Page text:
An investor’s allocation to stocks and bonds is often the most consequential investment decision he or she will make. But the practice of translating investment risk into a stock to bond ratio is fraught with misunderstanding.
Advisors providing retirement recommendations will find it helpful to use a graphical approach to show the year-by-year progression of funds available during retirement.
In biblical tradition, the four horsemen of the apocalypse are a quartet of immensely powerful entities personifying the four prime concepts – war, famine, pestilence and death – that drive the apocalypse. For today’s investors, the equivalent is historically high equity valuations, historically low bond yields, increasing longevity and, as a result, the increasing need for what can be very expensive long-term care.
Americans have under-saved and will need more than withdrawals from savings to survive retirement. An optimal withdrawal strategy and asset allocation, delaying Social Security, annuitizing, tapping home equity and possibly working longer need to be evaluated. Let’s take a typical American couple and evaluate which options improve retirement consumption.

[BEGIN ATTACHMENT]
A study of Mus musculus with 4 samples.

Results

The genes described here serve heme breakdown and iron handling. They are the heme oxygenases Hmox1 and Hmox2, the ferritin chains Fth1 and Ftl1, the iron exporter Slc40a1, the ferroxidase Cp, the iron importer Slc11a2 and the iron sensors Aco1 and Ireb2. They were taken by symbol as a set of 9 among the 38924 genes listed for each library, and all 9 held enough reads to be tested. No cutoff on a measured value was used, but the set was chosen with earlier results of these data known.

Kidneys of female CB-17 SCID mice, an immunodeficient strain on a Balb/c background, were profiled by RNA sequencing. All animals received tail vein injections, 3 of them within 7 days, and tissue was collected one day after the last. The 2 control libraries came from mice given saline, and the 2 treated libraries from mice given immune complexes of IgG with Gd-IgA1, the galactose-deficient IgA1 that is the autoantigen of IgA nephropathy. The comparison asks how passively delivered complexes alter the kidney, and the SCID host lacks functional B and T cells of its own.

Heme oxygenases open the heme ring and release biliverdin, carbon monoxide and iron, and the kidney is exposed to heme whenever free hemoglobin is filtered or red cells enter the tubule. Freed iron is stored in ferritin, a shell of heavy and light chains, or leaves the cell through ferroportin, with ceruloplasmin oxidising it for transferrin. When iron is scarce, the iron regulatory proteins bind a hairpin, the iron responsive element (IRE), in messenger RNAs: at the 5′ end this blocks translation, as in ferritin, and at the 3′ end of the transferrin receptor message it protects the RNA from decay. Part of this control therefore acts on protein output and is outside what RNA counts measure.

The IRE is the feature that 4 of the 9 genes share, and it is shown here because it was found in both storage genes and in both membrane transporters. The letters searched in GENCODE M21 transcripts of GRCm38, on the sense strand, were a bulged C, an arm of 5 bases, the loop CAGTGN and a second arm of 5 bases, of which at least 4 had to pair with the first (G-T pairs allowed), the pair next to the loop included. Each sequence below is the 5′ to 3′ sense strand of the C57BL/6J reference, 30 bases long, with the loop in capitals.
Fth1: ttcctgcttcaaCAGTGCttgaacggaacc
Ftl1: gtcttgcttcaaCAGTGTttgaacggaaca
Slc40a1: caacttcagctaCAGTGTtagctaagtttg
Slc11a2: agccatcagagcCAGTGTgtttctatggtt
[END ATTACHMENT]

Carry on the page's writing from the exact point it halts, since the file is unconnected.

Most research on retirement strategies assumes that people have saved adequately. But data on household savings shows that many households fall short, and will need to call on relatives or other sources for support. This raises questions about the best withdrawal or annuity strategies when savings are insufficient. It turns out that which strategy works best is different than for adequately funded retirements.
I’ve seen many positive changes in the advisory business over the past three decades. Fees have gone down and diversification has gone up. Advisors are a large part of the reason flows are moving from expensive active to low-cost passive funds. This has been good for our clients. Still, we have further to go, and having advisors address these 10 failures in their practices will help us get there.
A strategy that combines variable withdrawals with partial annuitization using a single-premium immediate annuity maximizes the cash available for consumption.
Although the general concept of mortality credits is widely understood, the underlying math is not. Understanding the math can help with decisions such as the best age to purchase an annuity and which type of annuity to purchase. Such an understanding can debunk some popular beliefs about annuities.
Since the early 1980s, bond investors have benefitted from declining interest rates. But we may be turning to a future of rising rates and clients suffering bond losses. Advisors need to be prepared both in terms of investment strategy recommendations and communication with clients.
In the prior installment on this series, I exposed the deceptive marketing used to sell fixed-index annuities. Today I will look at a firm that purchases annuities from investors – the Annuity Action Network. It is a way for clients to borrow money at a high interest rate, but it may be an appropriate solution under certain circumstances.